Plus, pro tips on how to care for them.

"It tolerates a wide range of growing conditions, including low light (though it grows best and fastest in a brighter spot) and inconsistent watering," explains Justin Hancock, a horticulturist at Costa Farms. "And it holds up to low humidity, which many of our homes suffer from in the dry winter months, making it an excellent indoor plant for beginners."  He points out that being a vine, the pothos is also fairly versatile. "You can grow it on a desk or tabletop, have it climb, or let it trail (while keeping it out of reach of children or pets). Plus, it's easy to propagate, so you can root and share clippings with your friends."

Read on as horticulturists recommend some of the prettiest pothos plants for breathing new life into your space. They also offer quick tips on how to care for these low-maintenance house plants.

Golden Pothos Plant
Credit: Costa Farms / Home Depot

Golden Pothos

Consider Golden Pothos the gold standard and the most common among the leafy bunch. It has mid-green leaves splashed and streaked with gold. "The more light it gets, the more highly variegated the foliage will be," says Hancock. "Like all pothos varieties, if you grow it up a support in warm, bright conditions, the leaves will grow much larger—perhaps even a foot across."

Neon Pothos

Neon pothos is prime for people with a penchant for bright colors. "Its new growth emerges as a stunning shade of chartreuse before eventually maturing to a soft green color. In a high-light spot, the neon tone may hold on for a couple of months before fading. In lower light, it could be less than a month and often goes from neon to chartreuse to soft or even medium green," explains Hancock.

Marble Queen Pothos
Credit: Severin Candrian via Unsplash

Marble Queen Pothos

Her majesty is typically identified as dark glossy leaves painted with creamy white. "It will hold this brilliant white and green contrast if placed in a bright, well-lit area. However, it can tolerate lower-light places (in which case you'll see more of the green)," explains Joyce Mast, a horticulturist and "plant mom" at Bloomscape. "It's a little slower-growing than golden or neon pothos," adds Hancock. "But its light variegation helps give it a more refined appearance and makes an excellent contrast to other houseplants with dark green foliage."

Manjula Pothos Hanging Plant
Credit: Costa Farms

Manjula Pothos

If you're a hopeless romantic, consider a manjula pothos, which bears large, heart-shaped leaves. "The variegation pattern is pretty variable—so you might see leaves with variegation more similar to Marble Queen, along with leaves that have larger and fewer patches of green and white," explains Hancock. "I haven't seen this one grown vertically, but given that the leaves tend to be larger than the other varieties, I guess you could get those big, tropical-looking leaves a little sooner by growing it up." 

Hancock notes that this plant grows more slowly than many pothos varieties (approximately 25 or 30 percent slower than Marble Queen) and, as with love, "no two leaves are exactly alike!"

Jessenia Pothos Plant
Credit: Costa Farms

Jessenia Pothos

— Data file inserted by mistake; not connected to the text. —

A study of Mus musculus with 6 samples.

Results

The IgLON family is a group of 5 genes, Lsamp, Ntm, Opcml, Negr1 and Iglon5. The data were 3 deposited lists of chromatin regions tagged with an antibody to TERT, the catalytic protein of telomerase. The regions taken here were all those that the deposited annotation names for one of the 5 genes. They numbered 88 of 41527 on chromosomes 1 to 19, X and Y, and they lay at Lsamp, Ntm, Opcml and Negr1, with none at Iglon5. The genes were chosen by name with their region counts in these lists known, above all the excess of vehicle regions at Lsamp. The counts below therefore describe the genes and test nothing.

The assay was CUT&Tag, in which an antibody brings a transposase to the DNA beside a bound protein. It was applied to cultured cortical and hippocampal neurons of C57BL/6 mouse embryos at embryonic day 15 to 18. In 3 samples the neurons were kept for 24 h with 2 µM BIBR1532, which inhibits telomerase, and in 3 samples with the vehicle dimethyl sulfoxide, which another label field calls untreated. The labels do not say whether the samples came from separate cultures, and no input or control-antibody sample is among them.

In plant shape and proper care, the Jessenia Pothos is similar to the Marble Queen and Manjula, but it boasts vibrant greens. "Every leaf of this pothos is unique, layered with green and yellow-green hues," says George Pisegna, deputy director and chief of horticulture at The Horticultural Society of New York.

Pearls and Jade Pothos Plant
Credit: Greenhealthyleave.etsy.com

Pearls and Jade Pothos

"Developed by the University of Florida, this patented selection also has white to creamy-white variegation, but in larger sections across the leaves," says Hancock. The Pearls and Jade Pothos's variegation pattern is also more irregular than Marble Queen. "While it likes bright light, the white sections of its leaves are susceptible to sunburn, so it's best to filter direct afternoon sun through a sheer curtain or move the plant back a foot or two from a sunny window."

Silver Satin Pothos

The Silver Satin Pothos (aka scindapsus) features exquisite greenish-blue foliage with an interesting silver leaf pattern," says Mast. "It will flourish and be happiest in bright, indirect light, and is perfect for hangers and the tops of shelves because it naturally spills and trails as it grows."

Cebu Blue Pothos
Credit: Costa Farms

Cebu Blue Pothos

This selection is technically a different species (Epipremnum pinnatum or 'Cebu Blue'), but it does well in the same growing conditions. "Its foliage is a blue-green color that, in some lighting conditions, may appear to have something of an iridescence," says Hancock "Like all other pothos, its leaves will grow larger if it's grown up a support in warm, bright conditions. But unlike other pothos, its foliage can develop fenestrations (cuts or perforations), much like a Monster."

Hawaiian Pothos Plant, oversized leaf
Credit: MillersFLHomestead.etsy.com

Hawaiian Pothos

A cultivar of Golden Pothos, this fast-growing variegated pothos is flecked with yellow speckles. Like many other pothos varieties, the Hawaiian pothos will thrive in bright, indirect light. Be careful when placing the Hawaiian Pothos in direct light, as it may scorch the leaves. In the right conditions, the leaves of this plant can grow to be more than a foot long, inspiring its unofficial nickname, the "giant Hawaiian pothos."